CARLSBAD — The Carlsbad City Council unanimously decided on Nov. 8 that motorists are going to have slow down their speed from 45 mph to 40 mph along the busy route of La Costa Avenue between the areas of El Camino Real and Rancho Santa Fe Road.
Earlier this summer, an interim striping plan decreased one lane going westbound in this locale and created a bike lane. In essence, it served as an analysis to see if sight distance at driveways improved and if speeds were reduced on this secondary arterial street. And it did just that.
According to Doug Bilse, senior traffic engineer, lowering the speed limit to 40 mph would add more safety measurements.
A lawsuit settlement, he said, created a clear understanding that the traffic safety issues on La Costa Avenue needed an immediate resolution. The court case involved an injured motorcyclist who was awarded $2.9 million from the City of Carlsbad earlier this year.
City attorney, Ronald Ball, offered legal clarification regarding speed limit reduction.
Ball said the city council sets a speed limit based on a speed survey. “So, the (city council) doesn’t challenge its own speed limit; it decides what is the reasonable improved speed limit set,” he said.
Bilse said that the city standard for the street design criteria for a secondary arterial is 40 mph.
While city council members agreed on the new speed limit, not all agreed on adopting a resolution to accept the La Costa Avenue Improvement Plan. The plan, which would encourage community input, would first consider a “road diet.” A road diet reduces one lane in each direction. Other plan objectives include roundabouts, medians, and bulb outs to decrease motorist speed and promote pedestrian safety.
Some public speakers such as Christine Davis, a La Costa Avenue homeowner, said she was delighted with the interim striping improvements. For her, a level of chaos has been eliminated and is in favor of future improvements.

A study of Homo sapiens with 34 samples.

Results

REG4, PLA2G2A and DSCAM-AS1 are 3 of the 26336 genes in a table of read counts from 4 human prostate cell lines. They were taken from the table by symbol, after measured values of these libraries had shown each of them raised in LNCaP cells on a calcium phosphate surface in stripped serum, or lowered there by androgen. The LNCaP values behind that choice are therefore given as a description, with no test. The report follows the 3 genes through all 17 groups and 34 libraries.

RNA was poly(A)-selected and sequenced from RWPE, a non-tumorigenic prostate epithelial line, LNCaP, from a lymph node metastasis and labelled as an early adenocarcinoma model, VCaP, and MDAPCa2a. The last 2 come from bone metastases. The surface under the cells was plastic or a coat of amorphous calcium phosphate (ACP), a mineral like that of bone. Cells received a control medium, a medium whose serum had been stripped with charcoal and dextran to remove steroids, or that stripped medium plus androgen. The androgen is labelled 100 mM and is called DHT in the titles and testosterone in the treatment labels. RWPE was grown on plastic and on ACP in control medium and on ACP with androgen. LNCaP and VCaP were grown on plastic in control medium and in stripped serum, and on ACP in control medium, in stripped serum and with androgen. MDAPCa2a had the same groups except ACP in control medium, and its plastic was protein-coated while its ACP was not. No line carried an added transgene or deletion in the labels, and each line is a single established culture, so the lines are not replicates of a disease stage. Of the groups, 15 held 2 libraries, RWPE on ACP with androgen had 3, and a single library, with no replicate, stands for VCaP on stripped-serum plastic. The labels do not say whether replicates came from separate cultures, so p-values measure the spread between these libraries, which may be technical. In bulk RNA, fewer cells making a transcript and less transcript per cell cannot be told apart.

Other public speakers such as Carlsbad resident Steve Linke disagreed. He said that reducing the speed limit to 40 mph wasn’t warranted and simple advisory signs to reduce speeds would suffice. As far as Linke was concerned, the interim striping was enough. “We can quit,” he said. “We’re done.”
The La Costa Improvement Plan is estimated to cost $3.5 to $4.5 million. It will be financially driven and done in phases. For example, phase 1, may consist of a road diet between Fairway Lane and Levante Street and a roundabout at Villa Castilla Way. It’s the city council, however, which makes that final determination.
Blackburn was not fully convinced in moving forward with the La Costa Improvement Plan. Although he agreed to the resolution in the Interim Striping Plan and speed limit reduction, he couldn’t consent to the La Costa Improvement Plan.
“Since I was elected, one of the things I have been working very hard at is traffic signal technology and one of my concerns is the flow of traffic and quality of life,” he said. “For at least right now, I would rather wait and say ‘no’ to this project; it doesn’t mean we can’t say ‘yes’ to it sometime in the future but I would rather let the striping have a few more years.”
Even with Blackburn’s opposition, the proposal still passed.
According to Bilse, the La Costa Avenue Improvement Plan needs to be folded into the updated General Plan, which may take a couple more years to do.